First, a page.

The process of fitting goalies skates is the same as for fitting player skates. Generally, goalie skates fit between 1 and 1½ sizes smaller than sneakers. For children, it's ok to go up an additional half size to accommodate growing feet.
Any larger than that and your young goalie is likely to develop blisters. A skate that's too large will also make balancing and lateral movement more difficult.
When trying on skates:
- Wear skate socks or the socks you plan to wear during a game to ensure an accurate fit.
- Next, push the foot as far forward as possible. You should be able to fit your index finger between the goalie's heel and the back of the boot. If you can fit two fingers, the skate is too large. If you can't fit in one finger, the skate is too
- Then, kick the heel firmly to the back of the boot and lace it up. When lacing, make sure the foot is flat on the ground. In a properly fitted and laced skate, the eyelets should be parallel from toe to ankle and you should not be able to see
the edge of the tongue. If the eyelets bow or you can see the edge of the tongue, or worse—the skater's foot—the skate is too small. When properly laced, the goalie's heel should not lift.
- After snugly lacing the boots, walk around to make sure the fit is comfortable.
Remember, skates are designed to be stiff and will soften with continued wear. Thermoformable skates will provide a custom fit after baking and will break in twice as quickly as non-thermoformable skates.
Goalie Skates vs. Hockey Skates
Though the fitting process is the same for goalie and player skates, goalie skates are not identical to player skates structurally. And that makes sense, considering
the goalie is not called on to skate like the rest of the team. Instead, the skate must afford the goalie the flexibility and mobility necessary to maintain his stance and move laterally. And though goalies are called on with increasing frequency
to skate outside the crease, goalie skates are designed to perform inside the crease.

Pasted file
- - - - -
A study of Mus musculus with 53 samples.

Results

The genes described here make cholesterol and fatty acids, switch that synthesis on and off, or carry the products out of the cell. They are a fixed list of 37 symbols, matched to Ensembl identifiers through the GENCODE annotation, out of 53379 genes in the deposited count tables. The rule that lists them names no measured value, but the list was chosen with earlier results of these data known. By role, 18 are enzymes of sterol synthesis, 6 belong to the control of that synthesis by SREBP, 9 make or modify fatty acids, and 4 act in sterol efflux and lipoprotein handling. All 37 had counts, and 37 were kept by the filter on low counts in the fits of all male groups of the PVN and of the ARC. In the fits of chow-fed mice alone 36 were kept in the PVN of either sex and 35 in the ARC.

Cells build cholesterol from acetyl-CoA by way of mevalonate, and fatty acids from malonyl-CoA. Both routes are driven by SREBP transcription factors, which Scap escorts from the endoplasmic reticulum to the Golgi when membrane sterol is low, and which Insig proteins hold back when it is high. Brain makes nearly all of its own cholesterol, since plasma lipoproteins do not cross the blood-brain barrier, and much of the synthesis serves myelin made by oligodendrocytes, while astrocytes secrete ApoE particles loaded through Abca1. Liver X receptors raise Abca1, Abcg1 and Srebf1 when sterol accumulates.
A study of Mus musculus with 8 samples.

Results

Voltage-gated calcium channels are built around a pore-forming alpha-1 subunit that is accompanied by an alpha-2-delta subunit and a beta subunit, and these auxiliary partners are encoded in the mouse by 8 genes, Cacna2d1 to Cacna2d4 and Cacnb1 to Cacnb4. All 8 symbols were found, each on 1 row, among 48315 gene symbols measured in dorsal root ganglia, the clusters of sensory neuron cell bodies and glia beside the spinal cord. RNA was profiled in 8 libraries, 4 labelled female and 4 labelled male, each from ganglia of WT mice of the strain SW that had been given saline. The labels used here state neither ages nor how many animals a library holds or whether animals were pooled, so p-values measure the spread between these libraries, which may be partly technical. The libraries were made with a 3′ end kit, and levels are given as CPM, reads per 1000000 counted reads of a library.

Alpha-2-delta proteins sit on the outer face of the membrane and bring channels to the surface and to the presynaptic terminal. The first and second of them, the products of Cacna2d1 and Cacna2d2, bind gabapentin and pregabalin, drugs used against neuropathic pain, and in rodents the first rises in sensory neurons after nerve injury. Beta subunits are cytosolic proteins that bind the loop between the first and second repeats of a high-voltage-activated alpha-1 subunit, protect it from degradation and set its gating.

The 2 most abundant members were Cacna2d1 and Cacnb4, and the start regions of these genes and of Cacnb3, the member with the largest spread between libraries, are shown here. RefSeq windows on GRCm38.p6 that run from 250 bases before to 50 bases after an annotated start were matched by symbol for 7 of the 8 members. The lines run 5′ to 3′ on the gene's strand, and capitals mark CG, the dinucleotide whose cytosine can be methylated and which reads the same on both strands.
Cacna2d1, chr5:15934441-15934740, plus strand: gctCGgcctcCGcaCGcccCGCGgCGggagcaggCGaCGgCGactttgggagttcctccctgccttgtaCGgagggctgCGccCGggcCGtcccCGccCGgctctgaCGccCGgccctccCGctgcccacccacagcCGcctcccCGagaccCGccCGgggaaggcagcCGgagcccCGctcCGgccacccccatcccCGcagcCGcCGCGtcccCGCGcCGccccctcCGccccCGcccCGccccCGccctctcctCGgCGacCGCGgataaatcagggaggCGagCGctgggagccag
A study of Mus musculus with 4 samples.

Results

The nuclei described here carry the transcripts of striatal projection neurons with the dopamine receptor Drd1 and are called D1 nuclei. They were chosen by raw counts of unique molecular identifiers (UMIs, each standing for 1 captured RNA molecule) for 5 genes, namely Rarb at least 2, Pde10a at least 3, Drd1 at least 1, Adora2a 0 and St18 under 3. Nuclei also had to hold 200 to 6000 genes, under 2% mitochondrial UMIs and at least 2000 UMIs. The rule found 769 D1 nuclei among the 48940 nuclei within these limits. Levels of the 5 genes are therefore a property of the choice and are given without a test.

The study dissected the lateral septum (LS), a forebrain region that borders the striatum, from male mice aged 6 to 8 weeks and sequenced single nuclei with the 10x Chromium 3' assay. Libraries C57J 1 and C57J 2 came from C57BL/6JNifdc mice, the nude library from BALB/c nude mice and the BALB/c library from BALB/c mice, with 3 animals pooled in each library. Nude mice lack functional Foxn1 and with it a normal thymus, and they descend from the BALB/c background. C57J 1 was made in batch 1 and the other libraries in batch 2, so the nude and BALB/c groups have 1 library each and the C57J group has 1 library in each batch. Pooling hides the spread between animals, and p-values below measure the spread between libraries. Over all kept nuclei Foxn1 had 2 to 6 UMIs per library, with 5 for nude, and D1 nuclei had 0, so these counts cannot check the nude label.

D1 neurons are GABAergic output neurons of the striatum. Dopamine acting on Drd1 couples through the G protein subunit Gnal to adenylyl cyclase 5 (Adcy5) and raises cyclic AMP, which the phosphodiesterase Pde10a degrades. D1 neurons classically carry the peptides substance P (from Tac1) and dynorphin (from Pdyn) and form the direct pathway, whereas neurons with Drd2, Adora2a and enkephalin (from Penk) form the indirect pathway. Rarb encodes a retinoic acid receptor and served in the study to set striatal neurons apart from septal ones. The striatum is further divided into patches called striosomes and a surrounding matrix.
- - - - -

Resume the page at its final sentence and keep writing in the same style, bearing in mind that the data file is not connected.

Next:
Goalie skates differ from hockey skates in three main ways:
- Cowling—The cowling protects the goalie's toes and heel from impacts and holds the blade to the boot. Newer skates often lack a cowling, but include
an extra durable toe guard.
- Blade—The blade on a typical goalie skate is longer and flatter, creating more contact with the ice than a player skate, useful for balance and pushing
- Ankle/Tendon Guard—The ankle on a goalie skate is short and lacks the tall tendon guard player skates have, to accommodate the goalie's leg pads, and his need to crouch and move side to side.
Aside from these three features, goalie skates are more or less identical to player skates, with many of the same construction features depending on the price point—a variety of boot materials, plush tongues, and lush, moisture-wicking liners.
Goalie Skate Sharpening
As with any skate, you'll need to sharpen your goalie skate blades periodically. But how often you should sharpen them can be a little mystifying.
If you're a beginner goalie who's on the ice only a couple times a month or once a week, check your blades and sharpen them (or have them sharpened at the local sporting goods store) if necessary after every 7 to 10 hours of on-ice time.
If you're an advanced goalie who's on the ice frequently, think about sharpening your blades every after five to seven hours of on-ice play, or whenever your skates come into contact with the goal post.
It's a smart idea to carry a honing stone or a blade sharpener in your hockey
bag for a little on-the-spot care. If you're able to swap your blades yourself, carrying extra steel runners can be a time saver,
too. Just be sure your extra blades go with your skates before purchasing. And to extend your blade life, protect them with blade covers.
Half the fun of playing a specialized position is the opportunity to wear all the unique gear that comes with the job, and goalie skates are part of every goalie uniform. Getting a good fit is essential. Remember to wear your game socks when you
try them on and, if you follow our advice, you'll soon be rockin' a perfect pair.